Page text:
Each week Marcy Winograd and Jackie Hirtz, educators with over 20 years of experience working with students from elementary to high school, will answer your questions regarding reading strategies, essay writing, homework habits and math challenges. Submit your questions to email@example.com and include "Dear Marcy and Jackie" in the subject line.
Q: My 8th grade son insists on using slang like "cool" and "LOL" in his essays. I keep telling him that it's an essay, not a text or an email, but abbreviations like "24/7" creep into his assignments. His teacher writes "Audience?" in the margin, but my son still doesn't get it. What can I do to help him understand that LOL is not cool?!
A: In this age of rapid-fire texting and endless apps, it's not surprising your son is using informal language in a formal school assignment. Habits are hard to break, so if he's on his cell phone a lot or glued to his computer he's receiving constant reinforcement for his lack of formality. He needs to understand the concept of writing for a specific audience. Words we use with friends are not the same words we use in a letter to the principal. Perhaps he would be more likely to grasp this concept in a real-world assignment -- a letter to a software executive about a glitch in a program or a desired product or even a possible school internship in high school. Another suggestion is to play a game with him. Tell him, "I'm writing a letter to my boss. Thumbs up if I should use the word in the letter. Thumbs down if the word is inappropriate. Ready?"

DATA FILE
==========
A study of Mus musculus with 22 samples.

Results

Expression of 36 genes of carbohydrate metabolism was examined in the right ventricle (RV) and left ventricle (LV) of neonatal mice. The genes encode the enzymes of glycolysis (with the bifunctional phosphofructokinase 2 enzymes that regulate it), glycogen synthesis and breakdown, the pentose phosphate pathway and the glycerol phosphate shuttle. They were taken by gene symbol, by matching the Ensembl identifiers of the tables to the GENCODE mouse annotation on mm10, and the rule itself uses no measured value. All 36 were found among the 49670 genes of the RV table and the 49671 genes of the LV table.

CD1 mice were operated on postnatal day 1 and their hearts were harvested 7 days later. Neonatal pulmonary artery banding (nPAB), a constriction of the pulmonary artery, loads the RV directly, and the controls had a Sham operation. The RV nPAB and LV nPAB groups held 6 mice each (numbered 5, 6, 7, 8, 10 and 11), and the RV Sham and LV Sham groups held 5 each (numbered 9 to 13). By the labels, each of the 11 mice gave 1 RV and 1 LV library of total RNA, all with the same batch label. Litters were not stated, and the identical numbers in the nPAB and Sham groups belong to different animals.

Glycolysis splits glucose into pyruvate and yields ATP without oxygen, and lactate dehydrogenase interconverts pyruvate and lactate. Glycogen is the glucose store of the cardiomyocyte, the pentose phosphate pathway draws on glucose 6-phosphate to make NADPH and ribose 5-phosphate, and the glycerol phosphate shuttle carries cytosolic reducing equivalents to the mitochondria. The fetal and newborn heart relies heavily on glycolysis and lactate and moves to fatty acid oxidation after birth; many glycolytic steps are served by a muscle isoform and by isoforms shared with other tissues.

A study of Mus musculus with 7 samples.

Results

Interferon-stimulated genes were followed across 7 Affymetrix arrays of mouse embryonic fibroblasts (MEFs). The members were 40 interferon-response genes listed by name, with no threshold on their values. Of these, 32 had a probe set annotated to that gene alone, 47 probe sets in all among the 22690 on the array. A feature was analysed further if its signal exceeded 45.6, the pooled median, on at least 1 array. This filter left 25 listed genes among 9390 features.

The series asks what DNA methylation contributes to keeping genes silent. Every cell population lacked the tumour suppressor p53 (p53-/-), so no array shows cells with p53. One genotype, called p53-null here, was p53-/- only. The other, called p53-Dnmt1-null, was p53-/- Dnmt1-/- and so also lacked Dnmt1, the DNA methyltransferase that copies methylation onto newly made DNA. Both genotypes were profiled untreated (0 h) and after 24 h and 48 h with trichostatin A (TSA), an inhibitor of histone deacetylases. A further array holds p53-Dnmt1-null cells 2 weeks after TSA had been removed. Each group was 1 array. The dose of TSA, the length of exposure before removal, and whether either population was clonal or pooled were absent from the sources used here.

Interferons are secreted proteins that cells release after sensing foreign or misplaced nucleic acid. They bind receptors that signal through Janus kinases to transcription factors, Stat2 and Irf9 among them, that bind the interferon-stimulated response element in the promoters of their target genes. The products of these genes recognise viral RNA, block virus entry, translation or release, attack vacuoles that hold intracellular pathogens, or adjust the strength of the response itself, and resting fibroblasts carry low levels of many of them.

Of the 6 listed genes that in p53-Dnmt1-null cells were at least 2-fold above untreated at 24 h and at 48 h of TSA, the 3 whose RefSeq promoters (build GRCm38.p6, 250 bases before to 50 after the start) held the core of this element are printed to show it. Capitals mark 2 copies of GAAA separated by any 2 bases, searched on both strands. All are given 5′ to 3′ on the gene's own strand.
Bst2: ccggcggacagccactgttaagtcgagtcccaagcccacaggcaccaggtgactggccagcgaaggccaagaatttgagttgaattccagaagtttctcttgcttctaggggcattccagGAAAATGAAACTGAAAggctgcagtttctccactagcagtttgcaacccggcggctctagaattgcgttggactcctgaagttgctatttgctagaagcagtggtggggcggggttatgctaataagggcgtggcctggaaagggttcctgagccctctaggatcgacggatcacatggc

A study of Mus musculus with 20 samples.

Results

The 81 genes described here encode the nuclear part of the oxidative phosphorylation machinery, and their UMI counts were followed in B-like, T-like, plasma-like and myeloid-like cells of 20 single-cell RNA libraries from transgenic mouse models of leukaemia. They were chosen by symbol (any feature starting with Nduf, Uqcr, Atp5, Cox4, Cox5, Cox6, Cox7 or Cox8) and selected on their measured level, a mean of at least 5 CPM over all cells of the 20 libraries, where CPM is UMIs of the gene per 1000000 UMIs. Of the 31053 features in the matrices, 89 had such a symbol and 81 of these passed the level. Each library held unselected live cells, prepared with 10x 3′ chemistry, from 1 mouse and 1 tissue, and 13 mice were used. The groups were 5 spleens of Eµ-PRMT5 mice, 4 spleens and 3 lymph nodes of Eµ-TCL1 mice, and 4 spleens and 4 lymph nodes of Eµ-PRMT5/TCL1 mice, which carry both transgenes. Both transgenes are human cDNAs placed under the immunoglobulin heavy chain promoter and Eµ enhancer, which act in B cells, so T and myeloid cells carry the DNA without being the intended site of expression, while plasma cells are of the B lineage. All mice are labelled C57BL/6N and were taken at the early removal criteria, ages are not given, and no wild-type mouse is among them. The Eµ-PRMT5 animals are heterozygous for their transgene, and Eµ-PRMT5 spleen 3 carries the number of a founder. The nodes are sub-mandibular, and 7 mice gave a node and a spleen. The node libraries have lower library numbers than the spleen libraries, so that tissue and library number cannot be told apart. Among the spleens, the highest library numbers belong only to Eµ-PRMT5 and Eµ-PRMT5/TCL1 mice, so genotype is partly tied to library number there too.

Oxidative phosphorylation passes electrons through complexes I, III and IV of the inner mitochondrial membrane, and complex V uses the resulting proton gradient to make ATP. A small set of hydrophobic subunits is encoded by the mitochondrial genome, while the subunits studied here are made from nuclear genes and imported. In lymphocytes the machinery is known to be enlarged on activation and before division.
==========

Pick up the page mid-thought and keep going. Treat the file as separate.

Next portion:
Q: My high school daughter is gifted, but has ADHD and can never remember to turn in her homework. It's not that she forgets to do it, only that she forgets to turn it in to her teacher. Sometimes I find her homework on the couch, long after my daughter has left for school. To make sure my daughter passes her English class, I've gotten into the habit of being the messenger -- physically delivering my daughter's homework to a counselor at school. Am I doing the right thing? I don't want my daughter to fail.
A: Your concerns about failure are understandable, particularly because repeated failures come at great psychological cost. Eventually students who only know failure opt for fight or flight -- act out and get into trouble or drop out altogether. That being said, it's counter-productive to enable your daughter to be disorganized and irresponsible. Plus, she must feel ashamed on some level to know that her mother is delivering her homework.
If a parent is continuously rescuing her child, intervening before the child learns the consequences of her actions, then the parent is setting up her child for more devastating failures later -- either in college or career. Heap warranted praise on your child for each success, from writing down the assignment to completing it to putting the homework in her backpack to turning in the assignment herself. Well-deserved praise can be one of the most powerful motivators.
Credentialed in both English and social science, Marcy Winograd now teaches special education students at Venice High School in the Los Angeles Unified School District. Jackie Hirtz, MS Ed., a writer and writing coach, taught elementary school for seven years. Together, Marcy and Jackie have written for children's television, print and new media. Their most recent project is the tween novel Lola Zola and the Lemonade Crush. They also blog at lolazola.com and tweet @tweenorama.